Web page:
The Irish Open which is returning to Northern Ireland and being played over Royal Portrush has attracted major coverage this weekend for a number of reasons not least that it may just be the precursor to The Open Championship returning to the course for the first time since 1951.
The Northern Ireland Tourist Board are expecting in excess of 100,000 people for the event and it is reported to be the first European Tour event to have been sold out in advance.
And Scotland will have no official presence at the event.
We asked Alan Grant of EventScotland who are looking after the golf marketing activity at European Tour events who confirmed that there is no VisitScotland presence at the event this year.
He advised that VisitScotland were looking at some online activity - through Google and PPC mainly - around search results for the Irish Open, given the amount of online traffic the event looks like it’s going to generate. This will provide a good opportunity to capitalise and direct traffic towards the VisitScotland website.
He went onto advise that "In terms of presence, our experience of the Irish Open has been very poor in recent years; primarily due to the location of the tournament (away from the main areas of population) and specifically the footfall on to the pavilion when we were present, which was in the low 100s as opposed to the high 100s/1,000s that we experience at other Tour events. Clearly it looks like this year there is a lot more media interest around the Irish Open, however we couldn’t have predicated this at the end of last year when we were planning our schedule of events for 2012."
Our concern about this is the Royal Portrush venue for the Irish Open was announced in January of this year and with the high flying Irish golfers holding Majors it was a certainty that this event would be massive. That was never in any question and all you needed to do was ask any of the Scottish based golf tour operators. How come our tourist board can spend £7 million on a cartoon yet can't maintain a presence at the biggest attended golf event Northern Ireland has ever hosted?
Too close to the launch of Brave did I hear you say? Don't want to confuse our market place with mixed messages?
Are we so leaden of foot that our golf marketing bodies cannot divert some expenditure and activity to such a high profile event in such a lucrative "staycation" market place with six months clear notice?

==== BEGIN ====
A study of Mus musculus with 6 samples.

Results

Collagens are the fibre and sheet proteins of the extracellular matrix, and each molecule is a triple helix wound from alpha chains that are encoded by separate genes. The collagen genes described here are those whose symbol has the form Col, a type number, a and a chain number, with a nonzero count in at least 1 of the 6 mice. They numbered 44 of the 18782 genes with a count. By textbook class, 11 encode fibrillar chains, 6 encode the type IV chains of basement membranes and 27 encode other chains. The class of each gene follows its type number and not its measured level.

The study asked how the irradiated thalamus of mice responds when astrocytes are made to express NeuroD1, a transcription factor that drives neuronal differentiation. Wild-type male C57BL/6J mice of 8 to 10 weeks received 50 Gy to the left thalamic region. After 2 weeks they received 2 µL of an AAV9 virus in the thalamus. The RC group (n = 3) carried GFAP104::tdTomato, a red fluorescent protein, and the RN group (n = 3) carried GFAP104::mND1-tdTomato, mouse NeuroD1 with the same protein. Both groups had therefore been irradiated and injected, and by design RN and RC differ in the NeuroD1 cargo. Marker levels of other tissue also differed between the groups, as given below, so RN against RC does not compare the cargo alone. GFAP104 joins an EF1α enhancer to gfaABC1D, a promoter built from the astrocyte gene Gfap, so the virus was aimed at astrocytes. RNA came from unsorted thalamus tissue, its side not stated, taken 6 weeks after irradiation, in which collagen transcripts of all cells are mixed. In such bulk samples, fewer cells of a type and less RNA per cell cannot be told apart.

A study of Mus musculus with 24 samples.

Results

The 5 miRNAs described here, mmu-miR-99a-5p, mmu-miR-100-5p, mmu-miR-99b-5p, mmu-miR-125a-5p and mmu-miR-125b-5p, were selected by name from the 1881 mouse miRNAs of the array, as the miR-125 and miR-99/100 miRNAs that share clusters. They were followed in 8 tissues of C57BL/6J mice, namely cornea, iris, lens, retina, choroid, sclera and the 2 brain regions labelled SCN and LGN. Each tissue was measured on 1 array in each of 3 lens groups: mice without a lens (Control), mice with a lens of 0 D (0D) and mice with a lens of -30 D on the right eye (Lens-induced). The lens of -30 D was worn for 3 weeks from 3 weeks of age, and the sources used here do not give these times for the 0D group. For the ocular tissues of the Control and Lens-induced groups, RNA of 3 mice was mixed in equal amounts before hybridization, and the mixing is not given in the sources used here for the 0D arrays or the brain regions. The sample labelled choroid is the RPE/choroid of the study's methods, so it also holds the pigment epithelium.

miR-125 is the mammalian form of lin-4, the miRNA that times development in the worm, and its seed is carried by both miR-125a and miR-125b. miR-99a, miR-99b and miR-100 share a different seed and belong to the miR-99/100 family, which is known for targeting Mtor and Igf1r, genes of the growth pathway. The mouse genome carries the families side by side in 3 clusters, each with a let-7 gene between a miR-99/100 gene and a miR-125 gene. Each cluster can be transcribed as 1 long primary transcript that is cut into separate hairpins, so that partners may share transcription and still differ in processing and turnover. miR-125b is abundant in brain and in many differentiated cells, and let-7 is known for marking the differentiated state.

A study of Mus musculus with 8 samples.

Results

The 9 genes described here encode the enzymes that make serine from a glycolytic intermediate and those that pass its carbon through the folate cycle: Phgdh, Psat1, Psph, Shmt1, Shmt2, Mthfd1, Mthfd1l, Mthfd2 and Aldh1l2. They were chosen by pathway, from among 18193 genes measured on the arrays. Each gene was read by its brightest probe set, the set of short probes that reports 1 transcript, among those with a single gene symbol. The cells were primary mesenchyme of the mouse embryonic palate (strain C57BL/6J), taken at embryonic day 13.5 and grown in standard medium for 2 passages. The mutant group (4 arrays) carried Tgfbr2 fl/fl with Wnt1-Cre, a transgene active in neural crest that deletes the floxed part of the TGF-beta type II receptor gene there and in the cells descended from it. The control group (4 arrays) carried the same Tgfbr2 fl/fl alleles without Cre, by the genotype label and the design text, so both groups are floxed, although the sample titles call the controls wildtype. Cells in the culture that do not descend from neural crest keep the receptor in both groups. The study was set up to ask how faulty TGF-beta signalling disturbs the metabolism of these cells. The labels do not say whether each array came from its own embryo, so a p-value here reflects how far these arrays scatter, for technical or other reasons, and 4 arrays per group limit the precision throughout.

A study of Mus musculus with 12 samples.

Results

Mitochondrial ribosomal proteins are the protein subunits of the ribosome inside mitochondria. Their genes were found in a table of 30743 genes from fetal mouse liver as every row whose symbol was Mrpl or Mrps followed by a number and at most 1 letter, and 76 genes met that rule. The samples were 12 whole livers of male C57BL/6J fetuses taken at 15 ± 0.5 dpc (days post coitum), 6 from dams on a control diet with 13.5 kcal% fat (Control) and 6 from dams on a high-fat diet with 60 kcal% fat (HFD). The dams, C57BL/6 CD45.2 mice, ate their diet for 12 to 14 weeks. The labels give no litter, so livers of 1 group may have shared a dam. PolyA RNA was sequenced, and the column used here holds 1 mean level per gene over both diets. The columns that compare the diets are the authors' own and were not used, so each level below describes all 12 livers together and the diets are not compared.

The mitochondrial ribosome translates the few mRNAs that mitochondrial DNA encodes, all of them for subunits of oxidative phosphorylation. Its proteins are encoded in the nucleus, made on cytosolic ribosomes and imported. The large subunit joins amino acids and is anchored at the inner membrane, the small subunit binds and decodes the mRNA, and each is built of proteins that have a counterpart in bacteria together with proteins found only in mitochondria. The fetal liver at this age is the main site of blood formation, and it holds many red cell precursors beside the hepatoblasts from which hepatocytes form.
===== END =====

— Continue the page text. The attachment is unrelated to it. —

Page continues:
It is so indicative again of the lack of joined up thinking that exists within the marketing of Scotland as the Home of Golf. A whole host of vested interests with fixed plans, aims and objectives and no apparent desire to act quickly to take chances as they arise. And as much as it pains me to ask the question where was the direction from the local and national golf industry bodies on this one too? Are operators again just sitting back and expecting others to do the job for them?
Did it never cross anyone's mind when the exhibition and events schedules were being planned that The Irish Open with Clarke, McIlroy and McDowell all playing may have been worth being at? That there may have been rather a lot of golfers within a two hour reach of our product who could be persuaded to visit again?
Now whilst I think that the private sector should be leading on such promotions, VisitScotland have been doing rather a lot of competitions and offers recently. Why therefore, no thought to a data collecting exercise with the Belfast Telegraph in conjunction with Stena or P&O for a three night three round prize to Ayrshire?
China more important or a visit to Dubai more fun? Causeway Coast not sexy enough as a venue?
The idea, as we approach 2014, that we have got our golf marketing act together is quite ridiculous. We have more golf are and regional groups all over the country doing their own thing with more and more public sector finance and with less and less communication with each other.
It's increasingly now about displacement of visitors pitching destination Highland against Fife against North East against Ayrshire against East Lothian. All spending (public) money to compete against each other and none of the activity fitting into a bigger picture. Duplication and displacement. This is the new lean tourism fighting machine that the new VisitScotland leadership promised. Reality check.
When are the industry going to demand that the situation changes and take greater ownership of their own product marketing? Golf Tourism Scotland - surely it's over to you now?
July 3rd sees the National Forum hosted and organised by Golf Tourism Scotland bringing together keynote speakers from the golf industry to discuss some of the key issues and challenges facing the sector. Speakers will include Fergus Ewing, Minister for Energy, Enterprise & Tourism, John Parker, Ryder Cup Travel Services and Malcolm Roughead, VisitScotland.
Let's hope the industry members attending the event have the balls to ask the questions and demand straight answers.